A rider and her five-year-old homebred mare are navigating the entire 1500km of the Welsh border this month to raise money for two charities.
Bethan Matthews, 24, who runs a livery yard near Brecon, and Charm have so far tackled bridges, beaches, highways and hills on what will form an epic 29-day trek.
“It’s been amazing so far — I don’t want to come back,” Bethan told H&H. “Yesterday [19 June] we did 15km straight along the beach and I am loving all of it, spending time with my horse doing more than we ever could at home.”
The trip took a year to plan and has involved days of up to 11 hours in the saddle.
“I haven’t planned for any rest days but some days we have just covered 20km, which has meant Charm can have 20 hours in the field to relax afterwards,” Bethan said.
“Our longest day was just over 60km and we always stop so Charm can have lunch time feed — I have a support vehicle which is a horse box and if the weather is bad then Charm can stand in there for some hay.”
She added that she had adapted her tack so Charm was bitless to enable her to stop for a snack en route.
“She can graze more easily bitless and I try and make sure she always has something in her stomach — the stopping to graze is a habit I’ll probably have to get her out of when I get back now!”
Charm is out of a Welsh/thoroughbred mare who Bethan still owns, by a traditional cob stallion. Remarkably, she has been backed less than a year and had only left the farm on two occasions before the trip.
“She wasn’t the horse I planned to do it on but at the beginning of this year we realised she was the most suitable as she’s so quiet,” Bethan explained.
“I had planned to stay at friends one night to make sure she was OK away from home but we ran out of time. All we did to prepare was put her in a field next door to her friends, rather than in with them, for the week before we left so it wasn’t too big a shock for her.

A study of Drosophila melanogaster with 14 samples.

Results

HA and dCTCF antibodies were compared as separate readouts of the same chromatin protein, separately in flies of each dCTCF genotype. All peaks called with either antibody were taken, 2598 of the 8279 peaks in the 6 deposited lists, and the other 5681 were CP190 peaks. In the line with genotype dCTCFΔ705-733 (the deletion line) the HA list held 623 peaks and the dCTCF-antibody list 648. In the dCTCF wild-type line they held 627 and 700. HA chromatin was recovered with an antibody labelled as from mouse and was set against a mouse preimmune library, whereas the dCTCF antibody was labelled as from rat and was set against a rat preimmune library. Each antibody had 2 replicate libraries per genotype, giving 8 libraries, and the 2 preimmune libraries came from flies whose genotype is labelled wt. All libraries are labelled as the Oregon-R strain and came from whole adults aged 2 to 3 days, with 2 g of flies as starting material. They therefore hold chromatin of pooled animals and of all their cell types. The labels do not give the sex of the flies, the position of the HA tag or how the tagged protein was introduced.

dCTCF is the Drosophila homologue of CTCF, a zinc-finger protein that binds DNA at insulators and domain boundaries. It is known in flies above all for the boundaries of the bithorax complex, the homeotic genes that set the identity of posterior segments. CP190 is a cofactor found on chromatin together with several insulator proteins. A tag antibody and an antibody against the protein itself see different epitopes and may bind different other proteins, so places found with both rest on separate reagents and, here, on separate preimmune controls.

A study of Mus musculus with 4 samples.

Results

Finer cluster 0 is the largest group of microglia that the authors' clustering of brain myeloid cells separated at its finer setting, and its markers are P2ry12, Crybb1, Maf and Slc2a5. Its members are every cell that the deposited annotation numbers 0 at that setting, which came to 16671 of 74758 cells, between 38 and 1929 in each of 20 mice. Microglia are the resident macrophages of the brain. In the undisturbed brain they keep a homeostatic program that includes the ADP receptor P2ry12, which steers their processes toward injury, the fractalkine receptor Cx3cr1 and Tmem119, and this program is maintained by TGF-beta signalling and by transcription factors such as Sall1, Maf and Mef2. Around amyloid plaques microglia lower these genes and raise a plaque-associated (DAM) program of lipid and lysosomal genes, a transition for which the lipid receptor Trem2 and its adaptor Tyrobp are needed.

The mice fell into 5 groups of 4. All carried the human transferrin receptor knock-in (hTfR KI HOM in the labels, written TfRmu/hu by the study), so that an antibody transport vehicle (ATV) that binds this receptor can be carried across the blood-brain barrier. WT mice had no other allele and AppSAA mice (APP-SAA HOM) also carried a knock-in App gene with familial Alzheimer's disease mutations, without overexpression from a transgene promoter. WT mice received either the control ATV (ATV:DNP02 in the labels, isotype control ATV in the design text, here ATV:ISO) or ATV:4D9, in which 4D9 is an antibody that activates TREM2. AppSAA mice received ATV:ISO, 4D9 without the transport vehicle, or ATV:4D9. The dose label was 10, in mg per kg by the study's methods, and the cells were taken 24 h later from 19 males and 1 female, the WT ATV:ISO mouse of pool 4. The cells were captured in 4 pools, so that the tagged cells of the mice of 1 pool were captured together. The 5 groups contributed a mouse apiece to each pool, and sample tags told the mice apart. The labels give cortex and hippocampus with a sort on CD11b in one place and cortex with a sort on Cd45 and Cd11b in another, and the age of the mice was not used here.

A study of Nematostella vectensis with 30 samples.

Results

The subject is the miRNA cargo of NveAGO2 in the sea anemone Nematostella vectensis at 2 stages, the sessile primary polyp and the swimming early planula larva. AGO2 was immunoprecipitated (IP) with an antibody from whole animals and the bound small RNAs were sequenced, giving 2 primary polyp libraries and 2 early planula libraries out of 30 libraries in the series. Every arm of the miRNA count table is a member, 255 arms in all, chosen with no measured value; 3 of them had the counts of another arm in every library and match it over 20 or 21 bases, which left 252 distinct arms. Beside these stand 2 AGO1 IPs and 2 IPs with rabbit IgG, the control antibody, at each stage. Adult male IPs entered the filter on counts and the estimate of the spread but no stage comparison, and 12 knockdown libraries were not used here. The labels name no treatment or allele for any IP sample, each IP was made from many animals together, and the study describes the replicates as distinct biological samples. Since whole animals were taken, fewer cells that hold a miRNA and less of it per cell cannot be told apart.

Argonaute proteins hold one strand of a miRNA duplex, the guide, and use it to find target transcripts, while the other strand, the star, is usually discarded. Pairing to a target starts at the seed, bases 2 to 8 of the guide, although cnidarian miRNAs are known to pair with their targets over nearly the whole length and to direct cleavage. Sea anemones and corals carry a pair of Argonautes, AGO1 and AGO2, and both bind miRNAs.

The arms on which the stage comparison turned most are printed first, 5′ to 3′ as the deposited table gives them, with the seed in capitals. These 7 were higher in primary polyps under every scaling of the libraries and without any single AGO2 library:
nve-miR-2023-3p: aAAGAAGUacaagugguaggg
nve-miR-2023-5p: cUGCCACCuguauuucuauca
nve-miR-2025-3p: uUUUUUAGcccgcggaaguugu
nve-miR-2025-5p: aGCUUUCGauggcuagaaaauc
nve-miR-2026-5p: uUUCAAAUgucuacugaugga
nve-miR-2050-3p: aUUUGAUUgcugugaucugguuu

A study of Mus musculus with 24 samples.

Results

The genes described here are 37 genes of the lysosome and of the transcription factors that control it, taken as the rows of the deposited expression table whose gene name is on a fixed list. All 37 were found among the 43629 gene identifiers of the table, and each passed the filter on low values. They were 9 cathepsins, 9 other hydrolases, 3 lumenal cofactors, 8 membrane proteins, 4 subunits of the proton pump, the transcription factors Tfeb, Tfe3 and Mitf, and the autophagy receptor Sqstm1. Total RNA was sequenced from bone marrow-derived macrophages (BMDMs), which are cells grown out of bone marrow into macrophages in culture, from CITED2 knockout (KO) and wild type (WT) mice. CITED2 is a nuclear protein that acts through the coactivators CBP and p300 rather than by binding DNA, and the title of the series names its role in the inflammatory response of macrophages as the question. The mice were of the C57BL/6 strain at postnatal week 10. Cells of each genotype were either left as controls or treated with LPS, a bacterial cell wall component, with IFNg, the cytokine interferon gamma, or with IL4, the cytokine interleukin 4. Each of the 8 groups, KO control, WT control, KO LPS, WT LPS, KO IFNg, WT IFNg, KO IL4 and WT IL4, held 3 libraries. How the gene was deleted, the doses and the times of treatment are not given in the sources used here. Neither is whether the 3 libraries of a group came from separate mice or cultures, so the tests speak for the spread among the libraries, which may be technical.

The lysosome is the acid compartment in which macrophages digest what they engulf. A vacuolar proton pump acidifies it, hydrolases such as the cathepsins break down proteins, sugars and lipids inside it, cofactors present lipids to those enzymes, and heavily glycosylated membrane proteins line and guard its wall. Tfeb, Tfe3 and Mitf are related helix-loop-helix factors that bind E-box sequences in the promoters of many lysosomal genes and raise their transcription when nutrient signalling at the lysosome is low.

“So far, every time we have got to a new place to stay she has been chilled as long as there is food. I was worried if she was turned out in massive fields I might not be able to catch her, when she’s doing so much work each day, but she’s always come to me.”
“She’s only had a little spook twice, once when a steam train in Porthmadog tooted to say hello and another time when a rabbit ran between her legs,” she said.
After Bethan posted about her plans on Facebook last year, more than 100 people came forward with offers of accommodation for the pair and numerous others have stopped to chat with them on the road.
“Sometimes we’ve got to where we are staying an hour or two late because we’ve spent so much time talking to people,” she said.
The rider has already raised £2,000 for charities Blind Veterans UK and Swansea-based Communities for Horses, which works to improve education and welfare standards, but is hoping the donations will mount in the final days of her trip.
“They take him to their centre at Llandudno, which we called in to see, and they have taken him to Normandy — he’s had a new lease of life through them.”